We can give thanks to God for the way in which he has grown CESA in Southern Africa. New generations don’t always appreciate the desperate situation in which the denomination found itself in the 1960’s and early 70’s. The subsequent two decades saw remarkable growth in the number of CESA Churches, especially across KZN and the Western Cape.
All of this happened without any specific strategy or process. So why do we need one now?
A few reasons:
Planting and growth has slowed down: We’re just not planting as many churches as we used to. According to some church growth models our “real” rate of growth as a denomination is negative.
There are many areas that we don’t reach or have a very limited evangelical presence: We have little presence in many large, densely populated areas of our major urban centres.
Our country has changed and it’s wise to plan a strategy in response: Just consider the radical change to urban living in South Africa over the past twenty years:
The end of apartheid has led to changing demographics in many communities and the emergence of new, racially mixed communities.
Dying or struggling CBD’s (especially in Johannesburg and Durban) have led to new business areas springing up in suburban areas (e.g. Sandton, Umhlangha, Claremont) and a concentration of residential developments around those areas.
Population movement has lead to rapid growth in the size of our cities. Within our borders there has been significant movement out of the Eastern Cape into other urban centres. Immigration from other African states has also had a huge impact.
Infrastructure has therefore not been able to keep up and there has been a rapid growth in informal settlements. For example, Diepsloot in Johannesburg (population: 200 000 +) and Masiphumelele in Cape Town (population: 35 000 +) did not exist 25 years ago.
Concerns over rising crime rates have led to massive growth in the number of security complexes. These have transformed the make-up of many middle-upper class communities.
It is therefore no surprise that many of our churches find themselves operating in totally different contexts from twenty years ago. Even those who have been less directly affected may now find it very difficult to envision a plan to initiate church planting into their surrounding communities.
These challenges were confirmed by responses to the 2011 CESA National Church Planting Survey (NCPS). All the respondents expressed support for the notion of church planting. Most of them had identified vague opportunities for church planting in their community. And yet, for a host of reasons, there was very little certainty as to how it would be possible to make those new plants happen.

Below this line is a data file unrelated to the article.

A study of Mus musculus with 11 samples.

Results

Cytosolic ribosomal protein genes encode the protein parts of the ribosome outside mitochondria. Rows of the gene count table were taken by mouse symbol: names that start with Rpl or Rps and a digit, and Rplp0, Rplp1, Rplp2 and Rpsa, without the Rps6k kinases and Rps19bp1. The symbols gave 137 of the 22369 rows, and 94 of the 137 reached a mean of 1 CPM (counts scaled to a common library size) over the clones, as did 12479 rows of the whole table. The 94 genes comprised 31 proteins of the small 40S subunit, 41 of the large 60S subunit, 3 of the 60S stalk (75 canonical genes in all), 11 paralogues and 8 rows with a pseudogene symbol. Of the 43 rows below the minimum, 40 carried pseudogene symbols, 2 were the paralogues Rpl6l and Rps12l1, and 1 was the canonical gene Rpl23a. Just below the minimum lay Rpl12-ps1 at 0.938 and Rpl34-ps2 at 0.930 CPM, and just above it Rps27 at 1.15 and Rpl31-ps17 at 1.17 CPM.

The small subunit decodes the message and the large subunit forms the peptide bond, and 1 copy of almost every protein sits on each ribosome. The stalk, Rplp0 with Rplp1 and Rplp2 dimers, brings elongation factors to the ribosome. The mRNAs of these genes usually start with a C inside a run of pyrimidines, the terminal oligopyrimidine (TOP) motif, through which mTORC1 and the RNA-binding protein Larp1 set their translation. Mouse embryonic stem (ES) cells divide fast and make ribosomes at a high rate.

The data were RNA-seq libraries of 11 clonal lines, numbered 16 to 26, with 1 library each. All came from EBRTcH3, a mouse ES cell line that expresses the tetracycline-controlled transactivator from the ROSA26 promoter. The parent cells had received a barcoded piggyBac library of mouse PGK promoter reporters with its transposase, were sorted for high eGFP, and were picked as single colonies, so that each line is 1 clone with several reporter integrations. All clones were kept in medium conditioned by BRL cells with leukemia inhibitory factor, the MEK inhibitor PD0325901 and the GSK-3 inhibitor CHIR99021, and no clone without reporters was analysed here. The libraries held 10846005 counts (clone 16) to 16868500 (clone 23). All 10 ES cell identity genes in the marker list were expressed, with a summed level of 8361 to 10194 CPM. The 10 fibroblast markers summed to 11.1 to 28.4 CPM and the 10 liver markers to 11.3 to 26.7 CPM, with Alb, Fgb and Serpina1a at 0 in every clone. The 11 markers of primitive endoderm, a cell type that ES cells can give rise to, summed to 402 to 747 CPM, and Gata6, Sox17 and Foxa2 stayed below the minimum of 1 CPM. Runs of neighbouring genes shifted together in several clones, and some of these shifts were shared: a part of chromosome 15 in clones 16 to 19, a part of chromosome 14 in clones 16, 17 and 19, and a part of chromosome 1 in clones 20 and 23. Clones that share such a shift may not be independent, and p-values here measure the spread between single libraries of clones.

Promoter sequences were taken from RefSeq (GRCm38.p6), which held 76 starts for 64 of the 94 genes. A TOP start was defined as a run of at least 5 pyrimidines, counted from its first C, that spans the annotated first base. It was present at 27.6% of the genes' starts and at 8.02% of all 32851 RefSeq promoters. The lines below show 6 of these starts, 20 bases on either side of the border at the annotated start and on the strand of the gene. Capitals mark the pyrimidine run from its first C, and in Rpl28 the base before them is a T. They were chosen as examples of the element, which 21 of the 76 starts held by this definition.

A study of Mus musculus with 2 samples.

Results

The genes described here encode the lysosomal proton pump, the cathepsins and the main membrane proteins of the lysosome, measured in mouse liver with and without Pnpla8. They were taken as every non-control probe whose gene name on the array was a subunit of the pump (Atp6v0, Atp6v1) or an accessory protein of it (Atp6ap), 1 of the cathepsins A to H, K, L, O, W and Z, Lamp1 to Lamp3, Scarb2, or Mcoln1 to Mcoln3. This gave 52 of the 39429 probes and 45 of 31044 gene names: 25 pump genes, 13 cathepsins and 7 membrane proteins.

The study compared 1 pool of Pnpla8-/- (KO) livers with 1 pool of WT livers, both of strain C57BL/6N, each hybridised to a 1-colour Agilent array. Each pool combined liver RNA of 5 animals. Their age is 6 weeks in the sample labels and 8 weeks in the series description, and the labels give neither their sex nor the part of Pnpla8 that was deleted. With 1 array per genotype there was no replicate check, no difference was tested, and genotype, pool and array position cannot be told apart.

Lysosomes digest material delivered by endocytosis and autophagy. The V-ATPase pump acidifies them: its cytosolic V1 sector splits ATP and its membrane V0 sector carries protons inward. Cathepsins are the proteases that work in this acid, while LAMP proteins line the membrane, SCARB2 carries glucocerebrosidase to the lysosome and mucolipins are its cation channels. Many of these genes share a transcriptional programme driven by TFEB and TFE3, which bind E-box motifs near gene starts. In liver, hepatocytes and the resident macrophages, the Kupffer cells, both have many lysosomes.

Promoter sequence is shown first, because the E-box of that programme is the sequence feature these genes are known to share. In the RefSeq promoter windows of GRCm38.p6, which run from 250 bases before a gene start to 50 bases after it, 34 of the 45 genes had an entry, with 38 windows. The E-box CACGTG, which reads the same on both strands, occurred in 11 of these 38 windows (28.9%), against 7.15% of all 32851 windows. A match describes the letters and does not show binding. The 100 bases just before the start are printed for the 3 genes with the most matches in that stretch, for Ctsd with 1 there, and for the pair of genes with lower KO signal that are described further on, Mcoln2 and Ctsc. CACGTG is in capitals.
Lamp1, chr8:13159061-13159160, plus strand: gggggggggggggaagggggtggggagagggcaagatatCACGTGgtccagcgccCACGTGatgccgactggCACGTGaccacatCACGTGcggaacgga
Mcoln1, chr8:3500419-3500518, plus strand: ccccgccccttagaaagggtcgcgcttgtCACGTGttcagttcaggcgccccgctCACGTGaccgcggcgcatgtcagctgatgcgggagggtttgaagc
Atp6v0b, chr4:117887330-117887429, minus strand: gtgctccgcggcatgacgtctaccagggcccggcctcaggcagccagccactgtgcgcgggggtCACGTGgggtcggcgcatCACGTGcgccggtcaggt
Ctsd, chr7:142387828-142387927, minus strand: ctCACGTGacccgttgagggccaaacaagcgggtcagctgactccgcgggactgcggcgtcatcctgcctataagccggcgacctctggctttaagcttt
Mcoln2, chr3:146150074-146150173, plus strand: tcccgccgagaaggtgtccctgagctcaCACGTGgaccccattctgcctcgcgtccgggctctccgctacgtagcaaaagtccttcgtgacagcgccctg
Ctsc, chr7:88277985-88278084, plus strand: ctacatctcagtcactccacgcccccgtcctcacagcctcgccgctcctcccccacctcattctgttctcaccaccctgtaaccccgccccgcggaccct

Most respondents called on the denomination to co-ordinate some kind of strategic thinking and planning on this issue. For this reason, the following motion was presented to Synod, 2011:
“This Synod recognizes that planting and developing new churches is an effective way to reach our nation with the Gospel and asks the Presiding Bishop respectfully to set up a working party to prepare for the next Synod a report on research into the practice and experience of church planting in South Africa and overseas and in the light of that research present a draft denominational strategy for evangelistic church planting. This report should particularly include examination of research into and recommendations for evangelistic church planting in different cultural groups, in South Africa.
The report would look to provide insight in the following areas (amongst others): Identification and training potential church planters; Targeting relatively unreached communities and people groups; Providing resources for church planting; Assessment of current denominational structures vis-à-vis church planting; Preparing existing churches for church planting.”
Of course we acknowledge that all of this will take place under God and through the powerful work of his Holy Spirit. Indeed, we need to be clear, up front, about our understanding of human strategy in the context of God’s plan for the world:
We trust that God is busy bringing about his purpose – “to bring all things in heaven and on earth under one head, even Christ” (Eph 1:10). This is his great strategy for the world and he achieves it through the work of his Holy Spirit as the gospel is communicated.
Amazingly though, he involves us in this plan. It’s clear in Scripture (and throughout church history) that he will inspire different types of Christians to dedicate themselves to a myriad of different gospel ministries which will bring about this plan: evangelistic campaigns in sports stadia and tents; Christian crèches and Christian high schools; theological colleges and house churches; evangelistic short courses and one-to-one discipling programs; campus ministries and funeral services; Christian broadcasting and Christian blogging; the faithful building up of existing churches and the planting of new ones.
We believe that multiplying the number of CESA congregations in multiple communities across South Africa could play an especially important role in the furtherance of the gospel. Our chief aim is not to sustain or grow a denomination, per se, but to reach more people with the gospel. But we link this closely to the work of CESA because, by the grace of God, the doctrines and traditions of this denomination have been effective in advancing the cause of the gospel in South Africa, up to now.